Blackstar: the US space conspiracy that never was?
Two-stage ultrasecret vehicle wows the crowds
Those among you who like their skies filled with black helicopters, or indeed secret space launch vehicles, might have already caught a quite remarkable March report in Aviation Week & Space Technology which claims that the US has successfully developed and tested a "two-stage-to-orbit system that could place a small military spaceplane in orbit" (see AWST pic, right).
The spook system, deliciously dubbed "Blackstar", allegedly comprises a carrier vehicle (codename "SR-3" according to AWST), to which is docked a reusable spacecraft (XOV or "experimental orbital vehicle"). On 4 October, 1998, claims AWST, eyewitness James Petty of Salt Lake City saw "a small, highly swept-winged vehicle nestled under the belly of the XB-70-like aircraft. The vehicle appeared to be climbing slowly on a west-southwest heading. The sky was clear enough to see both vehicles' leading edges, which Petty described as a dark gray or black color".
The orbiter apparently lands in a conventional manner, a la Space Shuttle, and reported sightings encompass Hurlburt AFB, Florida, Kadena AB, Okinawa, and Holloman AFB, New Mexico.
Provocative stuff. Of course, nobody in the US military has ever heard of Blackstar. ASWT says "top military space commanders apparently have never been 'briefed-in'," concluding that "most likely user is an intelligence agency" with eyes on the deployment of surveillance equipment comprising "an advanced imaging suite that features 1-metre-aperture adaptive optics with an integral sodium-ion-sensing laser".
So what's the solid evidence supporting AWST's story? As noted above, the SR-3 carrier vehicle resembles the XB-70 Valkyrie - legendary in both its technical ambitions and sheer cost.
The Ride of the Valkyrie
The XB-70 programme, initiated in 1955 by manufacturer North American, was designed to provide a very fast, long-range replacement for the B-52.
Powered by six turbojet engines to Mach 3, the XB-70 (left) was 196 feet long with a wingspan of 105 feet. Two prototypes were built at a cost of $700m a pop. The first (AV/1) made its maiden flight in 1964, with sister ship AV/2 taking to the skies in July 1965. The programme was dogged by technical problems from the start (detailed history of the project here), and ultimately doomed in June 1966 when AV/2 collided in midair with an accompanying F-104 Starfighter during a photo call flypast for the benefit of the manufacturers. Two pilots died and the aircraft was destroyed.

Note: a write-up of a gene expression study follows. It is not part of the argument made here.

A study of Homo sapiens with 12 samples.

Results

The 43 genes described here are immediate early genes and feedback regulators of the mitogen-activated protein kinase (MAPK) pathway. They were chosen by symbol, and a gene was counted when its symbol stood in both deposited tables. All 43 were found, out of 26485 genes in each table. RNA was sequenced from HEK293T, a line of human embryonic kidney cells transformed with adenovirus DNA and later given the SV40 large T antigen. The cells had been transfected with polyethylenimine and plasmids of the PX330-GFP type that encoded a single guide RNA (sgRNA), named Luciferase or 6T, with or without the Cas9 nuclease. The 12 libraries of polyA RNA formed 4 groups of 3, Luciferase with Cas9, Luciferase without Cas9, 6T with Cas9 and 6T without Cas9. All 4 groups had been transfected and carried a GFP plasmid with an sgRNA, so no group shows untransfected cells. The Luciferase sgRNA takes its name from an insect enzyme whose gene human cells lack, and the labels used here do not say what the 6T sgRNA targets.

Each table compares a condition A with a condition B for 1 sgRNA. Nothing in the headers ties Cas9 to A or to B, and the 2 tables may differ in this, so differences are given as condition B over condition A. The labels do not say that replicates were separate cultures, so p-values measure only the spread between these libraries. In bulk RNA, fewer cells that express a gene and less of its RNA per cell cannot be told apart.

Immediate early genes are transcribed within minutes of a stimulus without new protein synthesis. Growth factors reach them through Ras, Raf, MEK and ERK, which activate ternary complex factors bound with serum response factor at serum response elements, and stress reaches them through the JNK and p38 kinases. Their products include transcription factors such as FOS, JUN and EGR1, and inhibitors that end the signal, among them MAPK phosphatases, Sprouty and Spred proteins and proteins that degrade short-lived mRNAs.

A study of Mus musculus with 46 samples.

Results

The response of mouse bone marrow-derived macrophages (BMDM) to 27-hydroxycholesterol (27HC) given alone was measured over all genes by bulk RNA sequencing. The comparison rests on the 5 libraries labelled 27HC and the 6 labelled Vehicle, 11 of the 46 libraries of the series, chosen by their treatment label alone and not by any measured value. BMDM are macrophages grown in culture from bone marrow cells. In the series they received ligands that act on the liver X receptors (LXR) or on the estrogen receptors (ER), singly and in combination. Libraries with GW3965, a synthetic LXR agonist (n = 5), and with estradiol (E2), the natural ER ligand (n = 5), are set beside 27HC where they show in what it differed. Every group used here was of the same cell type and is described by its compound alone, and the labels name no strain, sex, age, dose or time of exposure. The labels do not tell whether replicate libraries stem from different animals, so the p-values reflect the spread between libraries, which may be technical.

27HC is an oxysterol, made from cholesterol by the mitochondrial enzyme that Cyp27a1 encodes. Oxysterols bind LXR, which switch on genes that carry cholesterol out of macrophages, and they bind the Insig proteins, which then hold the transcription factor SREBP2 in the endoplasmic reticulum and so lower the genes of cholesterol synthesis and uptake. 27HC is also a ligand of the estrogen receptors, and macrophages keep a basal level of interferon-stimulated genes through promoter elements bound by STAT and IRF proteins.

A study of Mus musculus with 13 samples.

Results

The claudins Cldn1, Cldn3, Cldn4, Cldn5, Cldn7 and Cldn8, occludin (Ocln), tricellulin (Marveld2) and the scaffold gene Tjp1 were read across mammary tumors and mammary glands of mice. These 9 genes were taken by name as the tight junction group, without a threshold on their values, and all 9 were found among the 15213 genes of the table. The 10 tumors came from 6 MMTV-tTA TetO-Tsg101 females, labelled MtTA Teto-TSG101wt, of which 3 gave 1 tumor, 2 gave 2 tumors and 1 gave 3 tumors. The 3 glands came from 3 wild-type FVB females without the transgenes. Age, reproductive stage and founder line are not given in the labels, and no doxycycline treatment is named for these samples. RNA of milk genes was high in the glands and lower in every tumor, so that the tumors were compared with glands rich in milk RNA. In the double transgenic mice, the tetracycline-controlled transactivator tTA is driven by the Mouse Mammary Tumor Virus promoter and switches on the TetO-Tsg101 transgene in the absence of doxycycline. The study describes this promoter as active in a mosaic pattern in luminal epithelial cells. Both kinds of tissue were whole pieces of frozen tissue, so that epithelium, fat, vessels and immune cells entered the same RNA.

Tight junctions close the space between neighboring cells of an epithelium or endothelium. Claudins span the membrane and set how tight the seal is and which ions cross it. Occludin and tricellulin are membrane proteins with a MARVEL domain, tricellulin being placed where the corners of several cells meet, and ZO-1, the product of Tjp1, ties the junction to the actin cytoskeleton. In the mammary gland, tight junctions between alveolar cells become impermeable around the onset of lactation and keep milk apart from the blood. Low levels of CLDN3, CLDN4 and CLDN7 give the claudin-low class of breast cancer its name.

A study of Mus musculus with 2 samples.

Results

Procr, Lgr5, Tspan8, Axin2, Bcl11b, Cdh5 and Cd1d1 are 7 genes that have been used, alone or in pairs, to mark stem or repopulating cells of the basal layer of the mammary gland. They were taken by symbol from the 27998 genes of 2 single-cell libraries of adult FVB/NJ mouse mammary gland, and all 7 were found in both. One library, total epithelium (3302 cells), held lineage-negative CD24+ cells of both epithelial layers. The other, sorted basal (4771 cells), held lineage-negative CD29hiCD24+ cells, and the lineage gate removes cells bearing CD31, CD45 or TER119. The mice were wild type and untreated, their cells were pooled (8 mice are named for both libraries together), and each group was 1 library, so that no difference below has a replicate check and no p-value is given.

The Valkyrie had, however, previously reached it target velocity of Mach 3 in October 1965. The surviving AV/1 made a further 33 test flights until retirement in 1969, by which time the US military had acknowledged that sheer speed or altitude alone - which, in the case of the former, prevented the Valkyrie from performing even the most modest evasive manoeuvres - would not protect the aircraft from falling victim to Soviet ground-to-air missile technology. The case of Gary Powers, whose U-2 spyplane was brought down over the Soviet Union in 1960, made this painfully apparent.*
AWST's tech factsheet of the SR-3 reads as follows:
- A roughly 200 ft long, clipped-delta-winged planform resembling that of the North American Aviation XB-70 trisonic bomber.
- Canards that extend from the forward fuselage. These lifting surfaces may sweep both fore and aft to compensate for large centre-of-gravity changes after dropping the spaceplane, based on multiple sighting reports.
- Large, outward-canted vertical tail surfaces at the clipped-delta's wingtips.
- At least four engine exhaust ports, grouped as two well-separated banks on either side of the aircraft centerline.
- Very loud engines. One other classified military aircraft may have used the same type of powerplant.
- Operation at supersonic speeds and altitudes up to 90,000 feet.
Regarding the orbiter, AWST explains:
During the system's development cycle, two types of spaceplane orbiters may have been flown. Both were a blended wing/fuselage lifting-body design, but differed in size. The smaller version was about 60 foot to 65 foot long and may have been unmanned or carried a crew of two, some say. Industry engineers said this technology demonstrator was "a very successful program".
The larger orbiter is reportedly 97.5 foot long, has a highly swept, blended wing/body planform and a short vertical fin. This bulky fin apparently doubles as a buried pylon for conformal carriage of the spaceplane beneath the large SR-3. The "Q-bay" for transporting an optics-system pallet or other payloads may be located aft of the cockpit, with payload doors on top of the fuselage.
Outboard sections of the spaceplane's wing/body cant slightly downward, possibly for shock-wave control and compression lift at high speeds while in the atmosphere, whether on ascent or reentry. The only visible control surfaces are flap or drag-type panels on the wing's trailing edge, one section on each side of the stubby vertical fin. A relatively large spade-shaped section forward of the cockpit - which gives the orbiter a "shark-nose" appearance - may provide some pitch stability, as well.
The orbiter's belly appears to be contoured with channels, riblets or "strakelets" that direct airflow to engine inlets and help dissipate aerodynamic heating. These shallow channels may direct air to a complex system of internal, advanced composite-material ducts, according to an engineer who says he helped build one version of the orbiter in the early 1990s. Air is directed to what is believed to be aerospike engines similar to those once planned for use on the NASA/Lockheed Martin X-33.